Rain gardens are relatively new ideas. Because of this, it takes a little more work to plan and install them compared to more traditional landscaping projects. However, this site will help you every step of the way, so keep reading to do your part for water quality!
"I LOVE RAIN GARDENS FOR THEIR BEAUTY AND ABILITY TO DRAW INTERESTING BIRDS AND BUTTERFLIES TO MY FRONT YARD, ALL WHILE IMPROVING WATER QUALITY AND SOLVING MY OWN LOT DRAINAGE CONCERNS." - Heather W., Indianapolis
You can customize your rain garden to not only improve water quality but also fit it to your own landscape preferences or needs. Do you have a lot of shade in your yard? Do you want to make sure plants don’t get too tall and block your views? Or would you like a bird and butterfly garden? See below for easy to understand planting plans and plant lists, as well as step-by-step directions for building your garden.
- Rain Gardens - Plants: Penn State Extension
- Create a Rain Garden: NY DEC
- Native Plants for Rain Gardens: New York Flora Association
- Perfect Planting - Tips for Creating and Maintaining Beautiful Long-Lasting Gardens: Sullivan Renaissance
- Rain Garden Design Templates: Low Impact Development Center
Don't fight your site! Thinking ahead of time and making a plan based on the amount of sunlight, soil type, and drainage of your site will make all the difference between a thriving native plant rain garden and one that fails.
Installation and Maintenance Resources
Native plants and landscapers familiar with rain gardens can sometimes be hard to find, but that should not discourage you from installing a rain garden. There are several organizations that can provide technical assistance to you, includinng Penn State Cooperative Extension, Cornell Cooperative Extension, and Sullivan Renaissance.
Hire a Professional
The planning and construction of a small rain garden can usually be a do-it-yourself project; however in some instances, it may be necessary or desirable to hire a professional. You want to make sure the professional you hire is able to design your project to your satisfaction and also fulfill city requirements (if there are any). When you are looking for a professional, use recommendations from neighbors, online resources and other databases. The following are all good questions to ask potential candidates to ensure you will be satisfied with their work:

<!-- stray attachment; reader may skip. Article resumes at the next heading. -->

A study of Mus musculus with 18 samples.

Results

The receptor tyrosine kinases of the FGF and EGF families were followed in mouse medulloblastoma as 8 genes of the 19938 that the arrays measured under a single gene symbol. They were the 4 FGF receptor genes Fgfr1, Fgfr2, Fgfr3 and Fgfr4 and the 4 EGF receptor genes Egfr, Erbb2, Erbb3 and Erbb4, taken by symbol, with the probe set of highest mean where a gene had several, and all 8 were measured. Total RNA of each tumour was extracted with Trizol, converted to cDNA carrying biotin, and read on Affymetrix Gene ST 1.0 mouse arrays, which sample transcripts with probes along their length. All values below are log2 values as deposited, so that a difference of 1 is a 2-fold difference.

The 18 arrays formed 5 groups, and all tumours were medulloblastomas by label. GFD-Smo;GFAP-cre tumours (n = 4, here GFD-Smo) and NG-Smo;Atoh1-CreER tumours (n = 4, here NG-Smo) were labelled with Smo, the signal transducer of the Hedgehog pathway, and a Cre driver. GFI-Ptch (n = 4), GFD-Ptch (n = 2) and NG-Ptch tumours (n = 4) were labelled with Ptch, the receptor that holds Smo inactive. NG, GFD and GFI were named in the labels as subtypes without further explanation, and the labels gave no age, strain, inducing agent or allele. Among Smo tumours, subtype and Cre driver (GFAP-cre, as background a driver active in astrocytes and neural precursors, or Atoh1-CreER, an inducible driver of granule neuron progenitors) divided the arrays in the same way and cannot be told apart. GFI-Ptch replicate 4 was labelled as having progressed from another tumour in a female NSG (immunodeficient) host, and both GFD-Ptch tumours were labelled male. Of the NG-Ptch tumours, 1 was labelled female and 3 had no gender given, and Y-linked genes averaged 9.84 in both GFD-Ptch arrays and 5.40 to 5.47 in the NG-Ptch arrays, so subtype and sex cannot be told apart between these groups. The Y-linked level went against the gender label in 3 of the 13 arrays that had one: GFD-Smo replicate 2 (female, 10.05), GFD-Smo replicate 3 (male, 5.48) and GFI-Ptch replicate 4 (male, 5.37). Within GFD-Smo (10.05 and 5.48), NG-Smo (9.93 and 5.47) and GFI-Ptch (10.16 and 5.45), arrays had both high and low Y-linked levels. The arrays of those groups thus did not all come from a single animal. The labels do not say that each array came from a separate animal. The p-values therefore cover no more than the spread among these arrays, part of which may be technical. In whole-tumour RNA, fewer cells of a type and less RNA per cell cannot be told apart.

- What experience do you have with rain gardens?
- Are you willing to work with homeowners?
- Are you knowledgeable about local requirements and permits?
- Can you help me find an appropriate location and design for my rain garden?
- Can you help with drainage, infiltration and soil requirements for placing a rain garden on my property?
One great benefit of native plants is that they are low-maintenance, but that doesn’t mean they don’t need any attention. You will certainly need to weed and maintain your rain garden to keep it functioning properly and visually pleasing. Here are a few resources to get you started.
Some areas may require a permit for you to install a rain garden. You may want to check with your planning and zoning department to see if any special action is required for native plantings. When installing a rain garden, you will also need to call before you dig to make sure you don’t dig into any underground utilities! Simply call before you plan to start to have the utility companies come out and mark your utilities for free.
The National Wildlife Federation offers a certification program for backyards, neighborhoods, businesses, schoolyards, and just about any other property. Once a property is certified, the landowner has the option to install a nice sign identifying the area as wildlife-friendly.